Alison Larkin Embroidery

Historical Embroidery in Full-size and Miniature

First Visit to Italy/Tuscany!

Last week I was on holiday in Siena, Italy, with my friend Margaret. It’s my first proper holiday ‘alone’ since losing Chris. The fact that it is Siena is the more poignant since he came here as a student while studying Italian as subsidiary subject to his French degree. How on earth Chris and his pals managed I’ll never know: This place is anything but wheelchair-friendly!

Siena is built on hills – serious ones. Some of the roads are VERY steep, and i don’t think I’ve found a flat one yet! It’s a beautiful city, very medieval: narrow streets, tall brick buildings, and very Italian in style. We don’t have anything like that in the UK, I’m not sure why. Were our medieval towns made of wood rather than stone? it can’t all have been the Blitz or a great fire. 

It’s a rabbit-warren of streets, mostly paved in stone, with no ‘sidewalks’. Everyone just walks in the street, and passing cars beep to get folks to move. it makes me wonder whether all the people eating outside at the cafes are eating in the road or are the cars driving on the pavement? 

We’ve spent the week doing the tourist bit, of which there is a lot here! Santa Maria della Scala is an old hospital, built on several levels. it’s been a hospital for nearly 1000 years!: they only stopped in the 50s. It was both a foundling hospital (for orphans) and an important stopover on the pilgrim route to Rome. It’s a maze of a place, but has some stunning frescos from the 13/14th centuries. Siena’s heyday was medieval, which is why so much is from that period. 

Frescos in Santa Maria Della Scala

We also visited the Piazza del Campo. It’s the site of the Palio, the famous horse race between the various districts or ‘contrade’ of the old city. The film and images of the race we saw look lethal! And the city is heaving at that time. I’m glad we were a couple of months early for it, although the Contrade are already very much present – there was a lot of drumming and flag-waving practice going on, and flags were going up while we were there.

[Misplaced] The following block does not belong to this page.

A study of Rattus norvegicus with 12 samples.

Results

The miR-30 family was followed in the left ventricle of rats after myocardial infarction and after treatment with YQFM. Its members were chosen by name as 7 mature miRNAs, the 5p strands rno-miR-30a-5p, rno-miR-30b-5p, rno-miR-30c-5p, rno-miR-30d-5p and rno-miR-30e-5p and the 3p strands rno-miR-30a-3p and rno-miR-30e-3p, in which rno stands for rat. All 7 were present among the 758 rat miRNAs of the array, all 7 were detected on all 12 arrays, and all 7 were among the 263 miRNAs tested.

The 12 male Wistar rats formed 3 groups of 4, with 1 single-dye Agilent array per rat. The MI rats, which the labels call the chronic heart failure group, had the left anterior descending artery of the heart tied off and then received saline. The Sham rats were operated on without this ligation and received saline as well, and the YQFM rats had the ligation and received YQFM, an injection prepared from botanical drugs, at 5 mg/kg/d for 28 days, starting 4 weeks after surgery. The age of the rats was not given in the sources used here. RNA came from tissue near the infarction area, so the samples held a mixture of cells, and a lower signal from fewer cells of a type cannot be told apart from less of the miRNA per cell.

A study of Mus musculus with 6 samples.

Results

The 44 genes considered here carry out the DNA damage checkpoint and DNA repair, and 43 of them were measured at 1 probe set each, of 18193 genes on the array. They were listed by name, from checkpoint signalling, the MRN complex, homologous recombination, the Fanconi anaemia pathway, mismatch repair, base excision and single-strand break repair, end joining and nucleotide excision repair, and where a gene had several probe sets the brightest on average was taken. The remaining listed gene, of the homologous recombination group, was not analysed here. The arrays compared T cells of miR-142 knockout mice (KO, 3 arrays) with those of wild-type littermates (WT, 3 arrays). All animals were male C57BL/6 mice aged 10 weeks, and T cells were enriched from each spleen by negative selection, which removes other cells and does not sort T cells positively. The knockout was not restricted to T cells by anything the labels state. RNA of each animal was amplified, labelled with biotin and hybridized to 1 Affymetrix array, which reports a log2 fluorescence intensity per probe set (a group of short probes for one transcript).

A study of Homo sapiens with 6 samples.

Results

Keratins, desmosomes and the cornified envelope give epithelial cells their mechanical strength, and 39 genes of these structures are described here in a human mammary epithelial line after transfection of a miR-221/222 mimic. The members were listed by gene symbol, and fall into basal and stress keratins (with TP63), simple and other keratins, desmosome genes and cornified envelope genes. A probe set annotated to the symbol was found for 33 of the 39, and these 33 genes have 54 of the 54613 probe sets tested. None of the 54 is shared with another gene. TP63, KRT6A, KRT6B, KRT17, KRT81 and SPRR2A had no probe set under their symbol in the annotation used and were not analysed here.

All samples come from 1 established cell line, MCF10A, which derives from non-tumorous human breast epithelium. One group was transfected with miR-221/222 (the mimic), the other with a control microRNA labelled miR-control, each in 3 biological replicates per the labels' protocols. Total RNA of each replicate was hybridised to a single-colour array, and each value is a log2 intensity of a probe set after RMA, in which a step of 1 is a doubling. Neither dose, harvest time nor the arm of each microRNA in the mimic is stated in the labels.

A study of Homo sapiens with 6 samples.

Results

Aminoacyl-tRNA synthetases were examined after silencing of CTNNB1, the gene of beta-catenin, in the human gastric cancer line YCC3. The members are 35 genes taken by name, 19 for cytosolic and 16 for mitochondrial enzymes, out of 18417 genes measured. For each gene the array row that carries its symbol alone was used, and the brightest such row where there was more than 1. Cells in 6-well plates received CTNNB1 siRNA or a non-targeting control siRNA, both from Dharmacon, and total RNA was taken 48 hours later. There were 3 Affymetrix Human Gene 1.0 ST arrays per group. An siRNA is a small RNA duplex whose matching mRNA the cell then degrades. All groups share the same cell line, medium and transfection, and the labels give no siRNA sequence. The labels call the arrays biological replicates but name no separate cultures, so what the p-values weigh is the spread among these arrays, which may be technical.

The Duomo is the great cathedral of the city: it’s a beautiful building of contrasts. Like most big Catholic Churches, to UK eyes it is ornately decorated because of the statues and paintings, but at the same time it  is quite austere, made of lovely black and white stone set in stripes!  It’s quite dark, because there are very few windows and those are small, not the great expanses of stained glass we are used to in our great churches. But at the same time there are lots of lights and candles. It was very busy with tourists, but there were still corners of quiet, for prayer or contemplation. One of its best features is its amazing marble pavement. A lot of it was covered so it wasn’t damaged by all the folk walking on it, but the exposed areas gave a real feel for how the whole floor must look. There is also the stunning wall and ceiling decoration in the Piccolomini library. Well worth a visit!

Another place to visit if you are in Siena is the National Art Gallery. It has an amazing collection of Art: firstly, a stunning collection of medieval church art, quite Byzantine in style, looking almost like Russian icons. On the other floor is a collection of baroque & renaissance paintings. It was almost too much to take in, and quiet compared with the rest of the city, so well worth exploring. 

We have had a great week. We spent quite a lot of time putting the world to rights, and visiting various cafes and Trattoria.  Margaret has been a great support both in terms of my business and on a personal level. We are already planning next year’s trip – possibly Paris…..

It’s been different from my usual Inspiration: different period, and different style of decoration. Some beautiful wall-paintings, lovely buildings. A lot to take in, but it will fester in the back of my mind, and it might come out sometime! It’s certainly been an exciting trip. 

The only hiccup was the flight home: we missed our connection at Schiphol because the plane was delayed, so we ended up staying overnight in a hotel, and flying on to Norwich the next day. Reminder: don’t fly into Schiphol late at night! All the help desks shut down at 11.00.